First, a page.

Advocacy by and for People with ABI (Acquired Brain Injury)
Public Policy of the Brain Injury Network Policy dated 9-4-10
Local Services vs. National Centers; Costly Duplication:The priority for funding must be at the local level. People with brain injuries require more programming in their local communities. Local programming should be the priority, not more national centers. We do not need any more national centers in Washington D. C. There are already numerous “national centers” related to brain injury in the vicinity of Washington D. C.
This emphasis on national centers takes away from the actual needs of individual brain injury survivors who have great difficulty functioning day-to-day after brain injury. Frankly, all of these national programs operating from Washington, D. C. do little to improve the lives of people with brain injuries. There is costly duplication because there are so many government and government sponsored entities providing information and support, resource directories, social online communities, etc. etc. There is even overlap regarding brain injury research, because quite a few different US government departments (Dept. of Education, Dept of Human Services, Dept. of Defense, etc.) independently oversee various research initiatives. And at this point it is as though all of the various national centers and departments situated around Washington D. C. are competing for funds, brain injury survivor participation, status and even bragging rights. You name it. Who gets lost in all of this? The people with the brain injuries.
What is needed is more of a focus and funding on local services and supports. One aspect of this is entitled “community reintegrative services”. These services cannot be delivered from Washington, D. C. They must operate in local communities. Community reintegrative services may help a person with a brain injury return to a “normal” life. But on the other hand, many people with brain injuries never fully reintegrate and never return to a “normal” life. These individuals need life-long support services, such as assistive housing, paratransit, subsidized medical care, and even sometimes such basics as food. All of these services must come from the local level.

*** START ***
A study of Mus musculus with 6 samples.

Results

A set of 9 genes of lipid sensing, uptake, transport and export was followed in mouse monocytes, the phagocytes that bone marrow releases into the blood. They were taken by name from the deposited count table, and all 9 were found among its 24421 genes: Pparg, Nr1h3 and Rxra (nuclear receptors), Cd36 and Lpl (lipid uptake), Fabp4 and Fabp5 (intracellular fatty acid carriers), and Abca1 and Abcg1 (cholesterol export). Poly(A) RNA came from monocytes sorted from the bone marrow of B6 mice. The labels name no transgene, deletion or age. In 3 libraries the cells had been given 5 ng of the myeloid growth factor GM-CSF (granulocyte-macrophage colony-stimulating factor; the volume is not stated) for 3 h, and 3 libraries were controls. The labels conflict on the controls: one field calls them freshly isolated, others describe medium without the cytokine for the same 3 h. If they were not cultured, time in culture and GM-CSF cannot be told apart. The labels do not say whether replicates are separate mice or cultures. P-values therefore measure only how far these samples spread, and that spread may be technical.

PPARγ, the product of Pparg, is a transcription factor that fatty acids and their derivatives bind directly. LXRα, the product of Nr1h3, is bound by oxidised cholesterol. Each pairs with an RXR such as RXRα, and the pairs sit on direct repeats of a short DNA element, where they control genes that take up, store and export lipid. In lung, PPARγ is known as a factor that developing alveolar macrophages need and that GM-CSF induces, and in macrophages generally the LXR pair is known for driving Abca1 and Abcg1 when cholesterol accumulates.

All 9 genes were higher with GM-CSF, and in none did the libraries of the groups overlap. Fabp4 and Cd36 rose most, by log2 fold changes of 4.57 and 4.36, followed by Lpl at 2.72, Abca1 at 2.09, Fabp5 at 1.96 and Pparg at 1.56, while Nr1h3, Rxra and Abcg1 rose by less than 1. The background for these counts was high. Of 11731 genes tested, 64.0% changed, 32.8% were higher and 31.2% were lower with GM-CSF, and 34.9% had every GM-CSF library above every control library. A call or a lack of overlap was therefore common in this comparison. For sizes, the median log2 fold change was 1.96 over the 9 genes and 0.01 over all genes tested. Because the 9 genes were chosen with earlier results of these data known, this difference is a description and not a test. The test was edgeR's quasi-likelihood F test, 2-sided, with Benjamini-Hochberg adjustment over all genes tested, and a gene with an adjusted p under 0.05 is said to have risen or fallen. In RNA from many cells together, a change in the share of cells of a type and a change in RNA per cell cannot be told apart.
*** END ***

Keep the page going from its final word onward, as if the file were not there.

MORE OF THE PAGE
We know society doesn’t want to expend many resources to provide supports to people who are disabled from brain injury, but, if anyone is asking what would truly benefit people with brain injuries, it is day-to-day living supports, delivered in the local service area, which is to say, delivered where people actually live, whether it be in the big city or in an isolated rural area. There is limited funding. Money that could be spent in the local area is being diverted to all of this top heavy programming in the Washington, D. C. area. More attention should be paid to the local level.